Let Them All Talk Launches On HBO Max

Let Them All Talk may be one of the most unique comedies to date with the film mostly taking place during an actual cruise crossing in 2019.

Friendship between woman is a tale as old as time.  What Deborah Eisenberg’s screenplay seeks to explore is how college friendships between women evolve over time.  The film focuses on three women in particular: Alice (Meryl Streep), Roberta (Candice Bergen), and Susan (Dianne Wiest)

Best-selling author Alice has never been married nor had any children.  I know what you’re thinking but please don’t judge her.  Upon learning that she’s about to be presented with a literary award in England, Alice delivers the news to her new agent, Karen (Gemma Chan), that she does not fly.  Thus, Karen makes the suggestion about crossing the Atlantic on a cruise line but it comes with a catch.  The only way that Alice can ride the boat for free is by giving a lecture.  There is no other way around this if Alice doesn’t want to fly.  But then Alice makes her own demands for taking a boat.  Obviously, this enables her to have more writing time but this is beside the point.  She wants to bring along two college friends, Roberta and Susan, and nephew Tyler (Lucas Hedges).

If it were just Alice, we wouldn’t really have such a compelling film because where is the drama in finding the words on a page?  Thankfully, Alice has her own stipulations.  The comedy starts as soon as everybody gets on board.  Why would Alice even invite Roberta if they have not spoken in thirty years?!?  It just makes zero sense!  Even with knowing their past, it is a bad idea from the very beginning.  This puts Susan in such a dicey situation. Alice probably wasn’t expecting Tyler to be attracted to Karen, either.  The only reason for Karen to be on the boat is to get scoop on Alice’s new book.  I mean, you’re not going to take a cruise over sea and not use the time to write, right?!?  We just have to wait and see what happens.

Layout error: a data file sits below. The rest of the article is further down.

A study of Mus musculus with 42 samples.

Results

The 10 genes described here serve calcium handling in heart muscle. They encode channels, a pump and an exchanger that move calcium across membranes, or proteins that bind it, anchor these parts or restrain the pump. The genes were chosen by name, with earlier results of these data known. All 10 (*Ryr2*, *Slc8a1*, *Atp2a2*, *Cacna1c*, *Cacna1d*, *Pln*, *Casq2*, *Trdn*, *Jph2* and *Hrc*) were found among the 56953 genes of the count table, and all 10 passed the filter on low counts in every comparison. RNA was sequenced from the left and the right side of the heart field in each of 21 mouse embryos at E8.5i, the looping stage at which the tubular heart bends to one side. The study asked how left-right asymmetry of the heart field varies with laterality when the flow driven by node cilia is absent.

One of the things I did notice with the film taking place on a boat is how stable the camera is.  You wouldn’t notice if it weren’t for establishing shots or views of the sea.  The camera movement feels rather stable in hallway scenes or wherever.  It doesn’t even feel shaky!  That being said, I love how they are able to film around the Queen Mary 2 passengers.

In terms of story, Deborah Eisenberg writes a 50-page scriptment so all the actors have room to play with their characters.  They’re able to grow them in ways that you can’t really do in tighter screenplays.  The opportunities for improv is certainly one thing to enjoy about the film.  Because Eisenberg doesn’t write Karen with any ethnicity in mind, it allows for diversity in casting.

Let Them All Talk is one of those films that was made for the streamer.  With a cast of this nature, you’d have thought it would be made for the big screen.  At least, it certainly feels this way!  A few years ago, we thought Steven Soderbergh was making his farewell to cinema.  Thankfully, film lovers are so lucky that his retirement announcement has proven to be premature.

DIRECTOR:  Steven Soderbergh
SCREENWRITER:  Deborah Eisenberg
CAST:  Meryl Streep, Candice Bergen, Dianne Wiest, with Lucas Hedges and Gemma Chan

HBO Max launches Let Them All Talk on December 10, 2020. Grade: 3.5/5

Danielle Solzman

Danielle Solzman is native of Louisville, KY, and holds a BA in Public Relations from Northern Kentucky University and a MA in Media Communications from Webster University. She roots for her beloved Kentucky Wildcats, St. Louis Cardinals, Indianapolis Colts, and Boston Celtics. Living less than a mile away from Wrigley Field in Chicago, she is an active reader (sports/entertainment/history/biographies/select fiction) and involved with the Chicago improv scene. She also sees many movies and reviews them. She has previously written for Redbird Rants, Wildcat Blue Nation, and Hidden Remote/Flicksided. From April 2016 through May 2017, her film reviews can be found on Creators.